Having its roots in the public international law field of “diplomatic protection”,1 yet not forming part of customary international law,2 the doctrine of “genuine and effective link” pertains to a test of genuine connection and closeness between a legal or natural person and its home State, in order for such person to be able to invoke the nationality of that State. (See further Nationality of Investor)
In investment treaty law, the “genuine and effective link” doctrine has not been directly discussed in the context of jurisdiction ratione materiae, but it can conceivably be linked to the issue of ownership and control in International Investment Agreements (“IIAs”), and may be relevant in determining whether there exists a required link between an investment and an investor.
II. Permutations of the "genuine and effective" link doctrine in other issues
A. Jurisdiction ratione personae
In international investment law, direct reference to this doctrine has only been made in the context of jurisdiction ratione personae, with respondent States objecting to purported investors invoking the nationality of a State with which they have no actual connection.4 Investment tribunals have so far unanimously rejected such contentions5 often relying on the permissive nature of article 25 of the ICSID Convention,6 or the absence of a genuine link requirement in the applicable BIT, i.e. the lex specialis.7 Nevertheless, some arbitrators have recognized its possible impact even beyond the question of dual nationality,8 and its possible application under exceptional circumstances.9
B. Law of the sea
In the context of the United Nations Convention on the Law of the Sea (“UNCLOS”), a variation of this doctrine is used to establish the nationality of ships, in that “[t]here must exist a genuine link between the State and the ship”.10
III. Genuine and effective link between investment and investor
To qualify as a “protected investment”, a putative investment must be linked to a qualifying investor, namely, an investor that satisfies the ratione personae jurisdictional requirements of a particular IIA.11 In other words, an investment must be genuinely and effectively linked to an investor, and, by extension, to that investor’s home State.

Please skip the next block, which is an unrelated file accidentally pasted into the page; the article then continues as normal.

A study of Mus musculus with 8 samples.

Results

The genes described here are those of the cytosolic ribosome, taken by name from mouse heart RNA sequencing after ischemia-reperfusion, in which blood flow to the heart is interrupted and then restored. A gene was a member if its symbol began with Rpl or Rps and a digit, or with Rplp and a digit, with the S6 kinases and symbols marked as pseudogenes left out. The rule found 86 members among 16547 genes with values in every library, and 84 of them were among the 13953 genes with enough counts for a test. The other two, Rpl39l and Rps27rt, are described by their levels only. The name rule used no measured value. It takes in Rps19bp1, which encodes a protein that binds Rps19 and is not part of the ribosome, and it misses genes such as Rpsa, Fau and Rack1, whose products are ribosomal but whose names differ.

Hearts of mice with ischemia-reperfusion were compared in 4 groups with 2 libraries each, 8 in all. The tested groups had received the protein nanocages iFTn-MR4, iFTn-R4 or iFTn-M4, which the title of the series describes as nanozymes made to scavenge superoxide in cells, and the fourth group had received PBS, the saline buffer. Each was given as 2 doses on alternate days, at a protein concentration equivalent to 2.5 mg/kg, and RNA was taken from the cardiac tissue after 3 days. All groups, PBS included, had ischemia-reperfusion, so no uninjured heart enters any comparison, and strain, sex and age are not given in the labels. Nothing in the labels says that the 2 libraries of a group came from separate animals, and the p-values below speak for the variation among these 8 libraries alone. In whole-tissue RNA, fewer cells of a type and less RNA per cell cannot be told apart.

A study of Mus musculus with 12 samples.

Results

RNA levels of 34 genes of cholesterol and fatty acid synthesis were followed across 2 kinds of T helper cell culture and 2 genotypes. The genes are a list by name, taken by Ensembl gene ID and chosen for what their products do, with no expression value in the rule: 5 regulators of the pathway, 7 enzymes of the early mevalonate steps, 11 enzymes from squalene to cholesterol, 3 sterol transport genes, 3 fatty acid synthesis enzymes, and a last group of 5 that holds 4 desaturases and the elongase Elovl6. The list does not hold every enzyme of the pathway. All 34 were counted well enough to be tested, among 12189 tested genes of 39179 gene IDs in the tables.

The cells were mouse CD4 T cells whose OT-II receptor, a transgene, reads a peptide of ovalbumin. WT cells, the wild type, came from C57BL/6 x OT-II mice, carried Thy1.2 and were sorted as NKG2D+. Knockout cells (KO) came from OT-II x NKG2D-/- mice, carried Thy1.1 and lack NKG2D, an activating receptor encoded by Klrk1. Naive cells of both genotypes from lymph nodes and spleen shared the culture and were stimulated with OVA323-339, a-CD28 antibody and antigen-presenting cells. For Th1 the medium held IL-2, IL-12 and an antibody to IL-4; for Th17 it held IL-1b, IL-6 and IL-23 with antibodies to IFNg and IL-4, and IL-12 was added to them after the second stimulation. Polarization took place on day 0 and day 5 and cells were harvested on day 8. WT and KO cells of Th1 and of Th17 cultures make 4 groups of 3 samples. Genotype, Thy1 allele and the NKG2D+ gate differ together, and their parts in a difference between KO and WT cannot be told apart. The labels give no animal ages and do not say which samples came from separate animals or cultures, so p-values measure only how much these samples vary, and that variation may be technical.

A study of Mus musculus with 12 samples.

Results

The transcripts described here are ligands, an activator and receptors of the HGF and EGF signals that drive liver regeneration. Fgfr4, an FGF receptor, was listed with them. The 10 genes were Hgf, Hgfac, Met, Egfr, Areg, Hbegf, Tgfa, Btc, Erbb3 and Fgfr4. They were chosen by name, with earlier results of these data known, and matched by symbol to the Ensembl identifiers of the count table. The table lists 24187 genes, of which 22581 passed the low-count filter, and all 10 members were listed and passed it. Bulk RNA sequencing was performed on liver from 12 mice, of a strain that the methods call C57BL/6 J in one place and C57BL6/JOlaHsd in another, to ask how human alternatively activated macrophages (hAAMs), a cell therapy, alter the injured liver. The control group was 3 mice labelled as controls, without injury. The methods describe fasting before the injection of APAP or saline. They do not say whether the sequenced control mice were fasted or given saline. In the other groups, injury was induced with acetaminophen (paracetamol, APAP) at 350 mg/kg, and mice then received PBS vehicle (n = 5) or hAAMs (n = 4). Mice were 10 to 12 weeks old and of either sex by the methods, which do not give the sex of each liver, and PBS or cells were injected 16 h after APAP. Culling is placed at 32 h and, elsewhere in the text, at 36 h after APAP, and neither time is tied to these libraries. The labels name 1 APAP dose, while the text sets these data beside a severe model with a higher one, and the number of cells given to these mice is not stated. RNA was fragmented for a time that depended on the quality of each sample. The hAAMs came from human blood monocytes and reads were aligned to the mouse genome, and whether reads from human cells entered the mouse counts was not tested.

IV. Treaty practice
Certain IIAs contain specific wording to that effect, by defining “investments” as those that are “owned or controlled, directly or indirectly” by a qualifying investor.12 Only a few of those clarify the meaning of ownership or control.13 The majority of older IIAs are silent on the type of link required.14 (See further Ownership/Control)
V. Indirect investment
While, in principle, investments can be structured through several corporate layers of subsidiaries and other affiliates (“indirect investment”), for the purposes of establishing a genuine and effective link between the investment and the investor, ownership or control must be established in each layer.15 Investment claims with only a “remote connection to the affected company” must be cut off in the sense that they do not comport with the host State’s consent to arbitration.16 (See further Direct Claims, Indirect Claims, Shareholders and Minority Shareholders)
VI. Portfolio investment
With seemingly only two exceptions12 — and save for contrary treaty language13 — investment tribunals generally consider that holding shares in a company without holding a stake for management purposes (“portfolio investment”) is a legitimate “investment” activity;14 and, by extension, that it constitutes a “genuine and effective link” between an investment and an investor.
Baumgartner, J., Treaty Shopping in International Investment Law, 2016, Chapters 4 and 5.
Reed, L., Scanlon, Z. and Atanasova, D., Protected Investment, in Fabri, H.R. (ed.), Max Planck Encyclopedia of International Procedural Law, 2018.